Outside, it sounds like the whole world is exploding. There are people laughing, people cheering. Everyone is happy because the war is over. The ceasefire was announced on the public broadcast channel an hour ago, and already bottles of beer and wine are appearing as if by magic. Families are spilling into their yards, carrying boxes of fireworks pulled from sheds and cellars, setting them off in the middle of the street in vibrant shocks that set the sky ablaze in blues and reds, yellows and greens. I must admit it looks beautiful.

I sit curled up in the window seat of the loft, my legs drawn up to my chest. There is a photograph in my hands, one I’ve looked at many times. In the bursts of colored light, I look down at my boyfriend’s face and smile. He is a little younger in this picture; it was taken two years ago, when we were both stationed in London during the war. Shortly after that picture was taken, a rifle blast to the thigh ended my military career. His continued.

Dangling over the corner of the frame are his dog tags, which have been cleaned and given to me. I wear his spare one, the one that came with his enlistment papers. It hangs on a long silver chain beside my own, from when I was Fleet Commander. When you serve, even if you’re discharged, you never feel right without them on. I never take mine off. The chain bears these well-worn tags, and my engagement ring.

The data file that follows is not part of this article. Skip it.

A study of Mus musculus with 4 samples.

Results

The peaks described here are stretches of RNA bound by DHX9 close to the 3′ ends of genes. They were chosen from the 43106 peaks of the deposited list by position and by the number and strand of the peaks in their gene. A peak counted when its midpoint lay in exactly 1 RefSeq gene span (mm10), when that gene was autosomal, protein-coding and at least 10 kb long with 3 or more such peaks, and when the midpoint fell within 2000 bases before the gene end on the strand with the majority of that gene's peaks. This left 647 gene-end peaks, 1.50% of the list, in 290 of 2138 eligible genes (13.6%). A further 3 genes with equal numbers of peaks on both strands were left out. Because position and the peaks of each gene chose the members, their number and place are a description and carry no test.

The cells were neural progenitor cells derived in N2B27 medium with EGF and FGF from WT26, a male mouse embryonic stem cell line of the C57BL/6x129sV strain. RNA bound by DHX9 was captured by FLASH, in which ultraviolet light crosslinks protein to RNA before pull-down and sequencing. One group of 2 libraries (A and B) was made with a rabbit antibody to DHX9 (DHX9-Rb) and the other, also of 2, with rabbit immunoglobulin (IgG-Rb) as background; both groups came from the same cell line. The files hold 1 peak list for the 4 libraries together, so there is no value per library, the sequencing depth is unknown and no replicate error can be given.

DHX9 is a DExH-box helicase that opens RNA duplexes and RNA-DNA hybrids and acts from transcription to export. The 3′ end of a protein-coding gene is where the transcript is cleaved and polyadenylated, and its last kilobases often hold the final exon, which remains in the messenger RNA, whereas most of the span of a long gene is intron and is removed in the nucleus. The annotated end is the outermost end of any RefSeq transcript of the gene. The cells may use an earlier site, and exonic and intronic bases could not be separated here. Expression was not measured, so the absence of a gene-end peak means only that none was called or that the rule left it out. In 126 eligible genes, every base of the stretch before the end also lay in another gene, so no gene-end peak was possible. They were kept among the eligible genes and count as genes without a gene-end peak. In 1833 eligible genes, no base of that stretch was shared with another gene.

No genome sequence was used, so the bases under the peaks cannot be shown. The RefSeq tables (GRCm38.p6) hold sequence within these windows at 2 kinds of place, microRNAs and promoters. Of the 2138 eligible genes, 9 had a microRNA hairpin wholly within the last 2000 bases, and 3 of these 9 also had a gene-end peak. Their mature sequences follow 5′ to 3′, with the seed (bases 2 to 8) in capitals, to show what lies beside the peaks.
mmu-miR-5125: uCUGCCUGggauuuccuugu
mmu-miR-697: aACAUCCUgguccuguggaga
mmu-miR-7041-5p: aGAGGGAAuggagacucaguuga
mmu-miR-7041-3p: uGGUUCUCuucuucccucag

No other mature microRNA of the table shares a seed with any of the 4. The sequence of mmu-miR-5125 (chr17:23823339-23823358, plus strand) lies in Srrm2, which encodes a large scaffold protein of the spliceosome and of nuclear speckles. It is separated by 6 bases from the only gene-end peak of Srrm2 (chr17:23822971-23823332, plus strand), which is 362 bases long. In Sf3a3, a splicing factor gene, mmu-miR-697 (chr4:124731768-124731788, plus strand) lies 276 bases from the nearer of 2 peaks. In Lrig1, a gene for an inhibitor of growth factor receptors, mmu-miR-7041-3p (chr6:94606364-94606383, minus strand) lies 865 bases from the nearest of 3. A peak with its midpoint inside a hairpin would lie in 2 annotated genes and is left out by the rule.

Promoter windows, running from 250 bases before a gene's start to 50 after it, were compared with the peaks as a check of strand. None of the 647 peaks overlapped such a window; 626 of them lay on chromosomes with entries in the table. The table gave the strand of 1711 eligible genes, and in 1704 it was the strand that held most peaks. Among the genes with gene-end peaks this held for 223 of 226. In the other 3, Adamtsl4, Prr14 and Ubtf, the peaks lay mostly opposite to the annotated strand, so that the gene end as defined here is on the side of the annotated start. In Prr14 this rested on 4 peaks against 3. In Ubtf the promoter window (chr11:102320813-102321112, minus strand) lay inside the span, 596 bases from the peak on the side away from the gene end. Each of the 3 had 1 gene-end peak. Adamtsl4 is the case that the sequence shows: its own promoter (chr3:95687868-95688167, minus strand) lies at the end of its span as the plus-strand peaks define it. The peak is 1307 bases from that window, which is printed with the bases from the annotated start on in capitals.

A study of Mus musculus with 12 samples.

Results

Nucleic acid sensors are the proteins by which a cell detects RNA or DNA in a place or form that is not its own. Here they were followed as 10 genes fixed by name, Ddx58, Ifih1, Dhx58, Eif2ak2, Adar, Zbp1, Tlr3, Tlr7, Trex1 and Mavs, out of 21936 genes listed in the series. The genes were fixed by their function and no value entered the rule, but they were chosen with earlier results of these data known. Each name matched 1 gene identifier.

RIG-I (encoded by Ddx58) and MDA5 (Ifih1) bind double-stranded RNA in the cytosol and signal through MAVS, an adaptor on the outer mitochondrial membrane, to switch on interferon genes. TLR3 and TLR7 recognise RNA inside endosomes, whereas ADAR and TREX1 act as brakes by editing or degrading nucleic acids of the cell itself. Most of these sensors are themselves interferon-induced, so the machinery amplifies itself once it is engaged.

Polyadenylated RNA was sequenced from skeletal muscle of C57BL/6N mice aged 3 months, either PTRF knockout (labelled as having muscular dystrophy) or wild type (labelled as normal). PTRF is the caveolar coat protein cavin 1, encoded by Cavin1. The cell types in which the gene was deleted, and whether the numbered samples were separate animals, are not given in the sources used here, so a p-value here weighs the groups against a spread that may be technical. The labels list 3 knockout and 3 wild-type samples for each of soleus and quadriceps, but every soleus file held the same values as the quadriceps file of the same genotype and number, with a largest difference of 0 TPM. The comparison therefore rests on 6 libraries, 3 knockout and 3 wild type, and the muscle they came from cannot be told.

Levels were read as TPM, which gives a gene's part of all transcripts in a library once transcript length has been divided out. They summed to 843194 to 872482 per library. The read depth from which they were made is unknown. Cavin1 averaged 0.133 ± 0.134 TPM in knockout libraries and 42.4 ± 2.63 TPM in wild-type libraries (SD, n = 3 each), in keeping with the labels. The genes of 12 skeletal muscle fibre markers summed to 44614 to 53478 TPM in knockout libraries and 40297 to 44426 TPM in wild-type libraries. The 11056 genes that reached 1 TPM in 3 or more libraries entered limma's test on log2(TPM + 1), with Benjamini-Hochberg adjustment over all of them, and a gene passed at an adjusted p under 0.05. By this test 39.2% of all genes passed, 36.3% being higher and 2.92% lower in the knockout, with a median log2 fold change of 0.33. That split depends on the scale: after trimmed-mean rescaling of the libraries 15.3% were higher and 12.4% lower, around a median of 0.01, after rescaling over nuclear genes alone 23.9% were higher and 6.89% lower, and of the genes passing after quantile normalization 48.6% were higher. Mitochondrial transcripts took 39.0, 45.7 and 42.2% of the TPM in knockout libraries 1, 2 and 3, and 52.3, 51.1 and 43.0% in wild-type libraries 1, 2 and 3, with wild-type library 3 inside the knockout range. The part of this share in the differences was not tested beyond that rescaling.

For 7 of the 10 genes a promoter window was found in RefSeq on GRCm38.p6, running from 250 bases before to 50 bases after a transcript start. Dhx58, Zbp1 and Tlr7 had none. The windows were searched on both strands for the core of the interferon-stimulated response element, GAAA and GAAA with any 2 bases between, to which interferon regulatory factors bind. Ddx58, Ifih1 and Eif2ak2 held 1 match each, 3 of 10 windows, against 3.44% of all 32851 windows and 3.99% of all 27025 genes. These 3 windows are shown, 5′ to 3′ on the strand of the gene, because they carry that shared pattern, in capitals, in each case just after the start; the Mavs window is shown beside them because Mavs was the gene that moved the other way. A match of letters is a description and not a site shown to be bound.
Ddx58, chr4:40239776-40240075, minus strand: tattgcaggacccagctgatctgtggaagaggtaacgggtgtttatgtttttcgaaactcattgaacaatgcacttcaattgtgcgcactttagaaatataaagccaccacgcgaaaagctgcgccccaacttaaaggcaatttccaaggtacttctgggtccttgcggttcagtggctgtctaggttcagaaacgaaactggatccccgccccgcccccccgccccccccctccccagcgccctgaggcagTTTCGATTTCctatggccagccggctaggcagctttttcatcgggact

Another burst outside the window momentarily pulls my attention away. He loved fireworks, because they hadn’t set them off where he came from. It was part and parcel of another culture, and the idea of things blowing up in the sky, naturally, appealed to a military man.

I can still hear him saying, “Look honey! Aren’t they beautiful? They look like burning flowers.” He was right. I still think so, even if the sight of them causes a sudden, painful jerk within my chest. It feels like every beat is a stab wound. Eventually, this pain should have been enough to kill me. But miraculously, I’m still here. I’m still waiting, stupid me, for him to walk through that door. Drop his duffel bag on the floor. Run to hold me in his arms. But he doesn’t.

I look at the heavy black steel door on the other end of the room, and I wait. I wonder. I hope. But all I hear are the sounds of merrymaking outside. The shrieks of happy children playing in the streets. Tomorrow, their family will be whole again. Everyone will be together. I hear glasses clinking in the hallway, the sound of running feet. Knocking on doors and calls of, “Ceasefire! They’ve called a ceasefire!” But there is no way for me to lay down my arms and surrender. I survived.

SIERRA NITSCHKE graduated from Northern Kentucky University with a Bachelor of Arts in English Literature. She also earned the 2012 Japanese Student Award. She has has been an avid reader of fiction and poetry since she was very young, and draws much of her inspiration from Arthur Conan Doyle, her favorite author. She is hard at work on several writing projects, including a novel, and her first poetry chapbook. She lives in Northern Kentucky with her boyfriend, and their two spoiled cats. Sierra‘s unpublished works and thoughts can be read on her Tumblr Blog here.